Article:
Kathryn Thornton performing a spacewalk.
You guys want to see something terrifying? Behold the bizarre alien creature that is the human vocal cords.
This is a technique called laryngoscopy. Check out the link above for some background, if you can stomach it. If you’re especially brave, check out this Reddit thread with even more video examples of vibrating vocal folds in all their freaky glory.
This is so unbelievably awesome.
Are you a high school student looking for some inspiration? Perhaps a philanthropist who has a little extra cash to throw around, if only you could find a worthy cause? Why not pursue or support something genuinely worthwhile: science.
When one thinks of a scientist, they often picture a slightly eccentric man with frizzy white hair, a lab coat, and a non-existent social life. Perhaps they never encountered Doc Brown. There was a time though when young people of an entire generation dreamed of someday being scientists and didn’t scoff at the kid who worked hard in physics class, because he might be the kid who grows up to build a spaceship that would take them all to a distant planet and they didn’t want to be left out. Perhaps these dreams were fueled by an abundance of 1950s science fiction B-movies or the wonderment of the Apollo missions of the 1960s. Nowadays, it seems the study of science is a dying interest among young people. This is frightening considering it is perhaps the most important vocation that humankind must pursue in order to continue our existence and prevent what will otherwise be our inevitable self-destruction, because we are ignorant, selfish mammals completely undeserving of our cognitive abilities.
If only people’s undying passion for reality television or sports or religion could be replaced with a passion for science. After all, there have been wars in the name of a god or gods for thousands of years, but we’ve never seen a war waged because one group of scientists believed Pluto to be a planet and others did not (although it came close to a full-out riot among us unscientific folk who nostalgically swear that Pluto is still a planet, even if we’re have no idea why it was declassified in the first place).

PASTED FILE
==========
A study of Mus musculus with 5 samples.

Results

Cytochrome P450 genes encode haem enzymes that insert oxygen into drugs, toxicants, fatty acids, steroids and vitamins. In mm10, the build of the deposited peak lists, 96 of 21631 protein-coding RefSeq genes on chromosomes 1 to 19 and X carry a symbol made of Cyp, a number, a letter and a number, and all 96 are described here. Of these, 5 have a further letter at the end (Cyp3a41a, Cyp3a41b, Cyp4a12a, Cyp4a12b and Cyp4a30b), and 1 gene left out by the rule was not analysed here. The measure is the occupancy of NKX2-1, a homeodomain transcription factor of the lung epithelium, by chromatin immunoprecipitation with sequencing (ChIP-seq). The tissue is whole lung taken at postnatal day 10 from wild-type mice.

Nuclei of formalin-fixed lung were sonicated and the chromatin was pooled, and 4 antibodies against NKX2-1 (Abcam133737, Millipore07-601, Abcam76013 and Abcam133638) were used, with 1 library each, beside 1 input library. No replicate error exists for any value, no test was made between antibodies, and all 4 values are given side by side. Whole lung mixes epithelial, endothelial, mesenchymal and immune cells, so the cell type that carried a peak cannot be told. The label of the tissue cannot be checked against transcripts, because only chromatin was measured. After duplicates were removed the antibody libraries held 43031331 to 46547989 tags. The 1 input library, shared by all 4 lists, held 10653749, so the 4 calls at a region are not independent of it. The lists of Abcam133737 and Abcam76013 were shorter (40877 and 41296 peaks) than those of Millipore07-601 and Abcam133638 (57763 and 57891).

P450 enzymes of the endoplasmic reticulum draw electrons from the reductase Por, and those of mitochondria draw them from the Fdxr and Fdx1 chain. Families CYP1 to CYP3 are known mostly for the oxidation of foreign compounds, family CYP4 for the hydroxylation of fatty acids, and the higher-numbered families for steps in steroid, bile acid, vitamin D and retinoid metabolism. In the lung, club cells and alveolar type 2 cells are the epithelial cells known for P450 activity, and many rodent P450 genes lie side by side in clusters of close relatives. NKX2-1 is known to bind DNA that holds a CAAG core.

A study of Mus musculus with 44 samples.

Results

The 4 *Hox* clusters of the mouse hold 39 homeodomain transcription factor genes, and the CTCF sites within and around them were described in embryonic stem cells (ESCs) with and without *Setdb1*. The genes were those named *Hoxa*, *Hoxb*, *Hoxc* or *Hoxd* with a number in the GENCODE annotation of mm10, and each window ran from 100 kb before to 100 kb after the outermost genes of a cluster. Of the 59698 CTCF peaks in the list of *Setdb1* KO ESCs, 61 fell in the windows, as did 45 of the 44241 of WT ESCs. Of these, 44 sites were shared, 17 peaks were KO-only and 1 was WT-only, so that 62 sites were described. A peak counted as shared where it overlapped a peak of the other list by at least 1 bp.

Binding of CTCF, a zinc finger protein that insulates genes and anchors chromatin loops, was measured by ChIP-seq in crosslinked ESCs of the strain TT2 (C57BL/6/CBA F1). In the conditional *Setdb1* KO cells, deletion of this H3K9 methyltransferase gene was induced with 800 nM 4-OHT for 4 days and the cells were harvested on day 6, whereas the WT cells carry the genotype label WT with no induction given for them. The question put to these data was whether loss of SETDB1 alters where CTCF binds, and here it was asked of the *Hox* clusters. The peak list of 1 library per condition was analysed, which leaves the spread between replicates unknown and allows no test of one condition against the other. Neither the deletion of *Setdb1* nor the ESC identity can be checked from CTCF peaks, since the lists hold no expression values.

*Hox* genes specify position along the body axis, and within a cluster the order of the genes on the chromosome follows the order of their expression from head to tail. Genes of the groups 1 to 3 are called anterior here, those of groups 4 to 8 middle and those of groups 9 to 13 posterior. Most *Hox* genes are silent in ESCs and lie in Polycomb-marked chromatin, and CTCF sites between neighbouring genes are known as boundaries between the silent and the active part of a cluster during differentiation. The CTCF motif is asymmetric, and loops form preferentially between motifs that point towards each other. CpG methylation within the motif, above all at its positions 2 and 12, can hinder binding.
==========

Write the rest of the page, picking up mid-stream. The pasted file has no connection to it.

I’ve always been slightly bitter that, as much as I love and appreciate the sciences and enjoy reading about evolutionary biology and half-lifes and binary pulsars, I’ve never had the mind for it. In an alternate universe, I’d be there alongside Neil deGrasse Tyson on his StarTalk theorizing on the stability of of anisotopic stellar systems… or, you know, calculating stuff that science-y people calculate. But alas, it was never meant to be. So, I envy those whose brains are capable, while I just sift through crap that’s already happened and provide interpretations of events and people who are all dead and can’t defend themselves or their actions or the events surrounding their lives.
Science is knowledge. Knowledge is key to everything. Thankfully, while a decade ago science-oriented majors had fallen dramatically, the numbers are now rising again worldwide – albeit slowly. Whether we as adults, parents, and educators instill a love for the stars, an interest in molecules, or even a fascination with human nature among young people today, science in the name of progress needs to make a comeback. Don’t let your child settle. Get them engaged in a science fair while they’re young, make sure it is fun enough that when they are thinking about college, they think, “Gee, this would be fun, interesting, and beneficial to our world.” And indeed, that’s the first step to a better world.
“My name is DarWIN… not DarLOSE.”
From the producers of Sherlock Holmes comes Darwin: Evolution of a Madman.
- Bishop: ”How can a monkey turn into a man?!”
- Darwin: ”The same way a hand… can turn into a fist.”